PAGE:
The IRS has updated guidance
on IRS.gov to offer retroactive relief from certain French social taxes paid by U.S. taxpayers residing in France.
The IRS previously announced in a June 13 status report on the Tax Court case Eshel v. Commissioner
) that U.S. citizens resident in France may claim tax credits for Generalized Social Contributions (CSG) and Contributions for the Repayment of Social Debt (CRDS) made to France. The new guidance reiterates that the IRS will not challenge foreign tax credits claimed for CSG and CRDS payments and further provides that taxpayers may claim a refund for such payments made over the past 10 years.
Both the CSG and CRDS are government-mandated contributions that residents of France must pay based on a percentage of their taxable income and gains. Prior to Eshel
, foreign tax credits for CSG and CRDS were disallowed on the basis that these were social security contributions rather than French income taxes paid. Thus, U.S. citizens residing in France could not apply them against their U.S. tax debt.
The taxpayers in Eshel
were both American and French residents residing in France. In 2012, they received a deficiency notice from the IRS regarding their 2008 and 2009 tax returns. In response, they filed a claim against the IRS arguing that CSG and CRDS are not social contributions but are income taxes, which can be applied against the their U.S. income tax debt. The court explored whether these contributions were in fact social security taxes covered under Totalization Agreement
between the United States and France or whether these were French taxes relievable under the U.S.-France double-taxation treaty. The issue on appeal before the D.C. Circuit was whether or not the CSG and CRDS enacted into law after that Totalization Agreement was adopted, “amend or supplement” the French social security laws covered by the agreement, and thus fall within the scope of the agreement.
On remand, the Tax Court reviewed the positions previously taken in similar cases and, on appeal, it was declared that insufficient consideration was given to the text and the official views of the United States and French government. After much litigation, the taxpayers’ claim was discussed between U.S. and French diplomats to determine how to interpret relevant income tax law. The IRS announced the findings in court, conceding that the taxpayers did not file deficient taxes and were entitled to a refund for taxes improperly collected by the IRS.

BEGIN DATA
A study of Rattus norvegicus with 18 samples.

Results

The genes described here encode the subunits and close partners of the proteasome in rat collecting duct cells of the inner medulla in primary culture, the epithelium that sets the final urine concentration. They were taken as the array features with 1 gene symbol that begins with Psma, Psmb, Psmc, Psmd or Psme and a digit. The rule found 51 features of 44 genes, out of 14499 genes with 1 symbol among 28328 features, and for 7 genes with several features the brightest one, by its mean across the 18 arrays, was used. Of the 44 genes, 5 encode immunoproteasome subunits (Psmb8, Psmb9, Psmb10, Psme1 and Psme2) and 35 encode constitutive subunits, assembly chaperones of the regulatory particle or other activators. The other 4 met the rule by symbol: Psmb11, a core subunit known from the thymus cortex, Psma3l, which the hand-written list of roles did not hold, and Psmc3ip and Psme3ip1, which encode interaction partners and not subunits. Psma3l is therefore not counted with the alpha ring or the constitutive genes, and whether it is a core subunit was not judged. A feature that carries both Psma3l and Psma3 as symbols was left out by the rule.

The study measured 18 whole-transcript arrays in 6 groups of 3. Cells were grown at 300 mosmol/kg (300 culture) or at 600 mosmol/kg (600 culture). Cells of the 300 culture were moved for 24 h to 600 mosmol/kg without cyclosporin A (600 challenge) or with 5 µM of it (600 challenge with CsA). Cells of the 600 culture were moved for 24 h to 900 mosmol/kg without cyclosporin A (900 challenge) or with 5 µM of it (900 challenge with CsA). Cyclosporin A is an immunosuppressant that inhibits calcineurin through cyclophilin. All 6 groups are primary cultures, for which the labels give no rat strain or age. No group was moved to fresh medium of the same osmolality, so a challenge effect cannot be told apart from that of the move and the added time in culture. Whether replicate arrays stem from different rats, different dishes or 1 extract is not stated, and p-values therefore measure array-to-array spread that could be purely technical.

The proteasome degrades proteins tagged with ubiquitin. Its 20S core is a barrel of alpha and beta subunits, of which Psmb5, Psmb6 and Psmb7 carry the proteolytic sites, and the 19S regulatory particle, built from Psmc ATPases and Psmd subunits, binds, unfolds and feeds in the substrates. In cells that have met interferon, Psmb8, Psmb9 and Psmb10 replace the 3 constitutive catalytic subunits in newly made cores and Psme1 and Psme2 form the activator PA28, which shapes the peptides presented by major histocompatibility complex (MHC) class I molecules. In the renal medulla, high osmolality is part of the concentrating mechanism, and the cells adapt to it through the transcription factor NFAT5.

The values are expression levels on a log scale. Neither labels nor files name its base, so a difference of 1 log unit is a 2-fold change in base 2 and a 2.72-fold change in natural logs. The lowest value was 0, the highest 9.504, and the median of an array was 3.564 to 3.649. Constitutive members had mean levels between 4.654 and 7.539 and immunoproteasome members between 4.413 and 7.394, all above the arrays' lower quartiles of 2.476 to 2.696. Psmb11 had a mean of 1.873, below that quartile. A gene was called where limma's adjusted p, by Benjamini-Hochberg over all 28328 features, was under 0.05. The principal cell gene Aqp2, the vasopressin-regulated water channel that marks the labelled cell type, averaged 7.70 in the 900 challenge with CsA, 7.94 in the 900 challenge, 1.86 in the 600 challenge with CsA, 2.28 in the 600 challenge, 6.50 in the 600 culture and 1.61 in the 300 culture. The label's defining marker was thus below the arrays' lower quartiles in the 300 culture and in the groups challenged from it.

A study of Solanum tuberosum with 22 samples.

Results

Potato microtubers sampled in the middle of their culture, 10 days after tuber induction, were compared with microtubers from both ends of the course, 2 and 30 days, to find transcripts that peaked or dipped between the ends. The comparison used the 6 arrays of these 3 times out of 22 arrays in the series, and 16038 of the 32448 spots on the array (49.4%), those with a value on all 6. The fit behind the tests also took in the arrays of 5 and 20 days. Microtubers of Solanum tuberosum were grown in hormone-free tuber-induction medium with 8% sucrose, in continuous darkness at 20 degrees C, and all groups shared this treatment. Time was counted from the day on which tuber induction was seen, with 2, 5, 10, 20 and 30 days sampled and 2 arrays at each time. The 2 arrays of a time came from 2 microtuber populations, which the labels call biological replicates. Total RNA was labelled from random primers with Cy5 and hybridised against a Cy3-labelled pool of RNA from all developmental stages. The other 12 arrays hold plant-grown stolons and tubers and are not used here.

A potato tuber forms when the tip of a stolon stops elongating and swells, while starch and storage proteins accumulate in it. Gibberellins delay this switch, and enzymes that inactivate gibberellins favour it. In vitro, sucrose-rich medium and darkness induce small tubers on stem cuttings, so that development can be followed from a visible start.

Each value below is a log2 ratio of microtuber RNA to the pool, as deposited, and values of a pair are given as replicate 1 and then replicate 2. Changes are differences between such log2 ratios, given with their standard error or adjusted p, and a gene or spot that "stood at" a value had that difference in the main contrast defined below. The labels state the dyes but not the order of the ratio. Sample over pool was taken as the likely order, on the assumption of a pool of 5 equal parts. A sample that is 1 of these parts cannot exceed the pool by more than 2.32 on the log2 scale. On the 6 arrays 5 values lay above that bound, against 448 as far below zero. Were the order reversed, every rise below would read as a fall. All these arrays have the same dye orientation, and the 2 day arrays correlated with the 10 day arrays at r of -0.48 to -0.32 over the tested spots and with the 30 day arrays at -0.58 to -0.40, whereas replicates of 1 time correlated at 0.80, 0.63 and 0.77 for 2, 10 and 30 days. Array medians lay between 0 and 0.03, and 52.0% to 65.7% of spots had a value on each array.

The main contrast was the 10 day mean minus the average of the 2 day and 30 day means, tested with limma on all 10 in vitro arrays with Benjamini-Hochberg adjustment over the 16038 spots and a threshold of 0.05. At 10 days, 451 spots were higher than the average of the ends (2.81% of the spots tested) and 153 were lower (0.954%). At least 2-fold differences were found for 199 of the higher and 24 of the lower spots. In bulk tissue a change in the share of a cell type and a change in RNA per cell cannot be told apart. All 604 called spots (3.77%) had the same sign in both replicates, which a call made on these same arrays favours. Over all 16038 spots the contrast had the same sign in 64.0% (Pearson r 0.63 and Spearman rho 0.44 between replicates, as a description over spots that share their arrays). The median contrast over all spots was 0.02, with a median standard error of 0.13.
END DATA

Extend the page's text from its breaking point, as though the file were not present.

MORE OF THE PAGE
The announcement marks a positive development for all U.S. citizens residing in France who have not been able to apply CSG and CRDS credits against their income taxes and may now be entitled to a tax refund. The refund claim must be filed within 10 years of the day after the due date of the return (not including extensions) for the year in which the CSG and CRDS payments relate.
For individual taxpayers, additional foreign tax credit may be beneficial in reducing residual Federal tax due in prior years and may increase amounts carried forward.
Multinational U.S. companies or businesses with tax-equalized employees working in France currently or historically, should benefit from tax cost savings. The CSG and CRDS remitted on behalf the employees while they were working and living in France may be recovered through amended tax filings and equalization settlements. In scenarios where these payments were included as taxable compensation to employees, the credits might be limited depending on the nature and sourcing of the compensation. Additionally, per the company policy, payments grossed up for income, social and unemployment taxes, should be reviewed to identify opportunities to recover the incremental tax costs. The IRS clarified in a revised statement on July 19, 2019, that employers cannot seek refunds related to CSG and CRDS withheld or paid on behalf of employees and that amended individual federal tax filings are the only allowable means to claim a credit.
Taxpayers impacted by the adoption of the pay-as-you-earn salary withholding from January 2019 should pay particular attention to this change as they may be in the best position to benefit from additional foreign tax credits on their 2018 and 2019 U.S. return.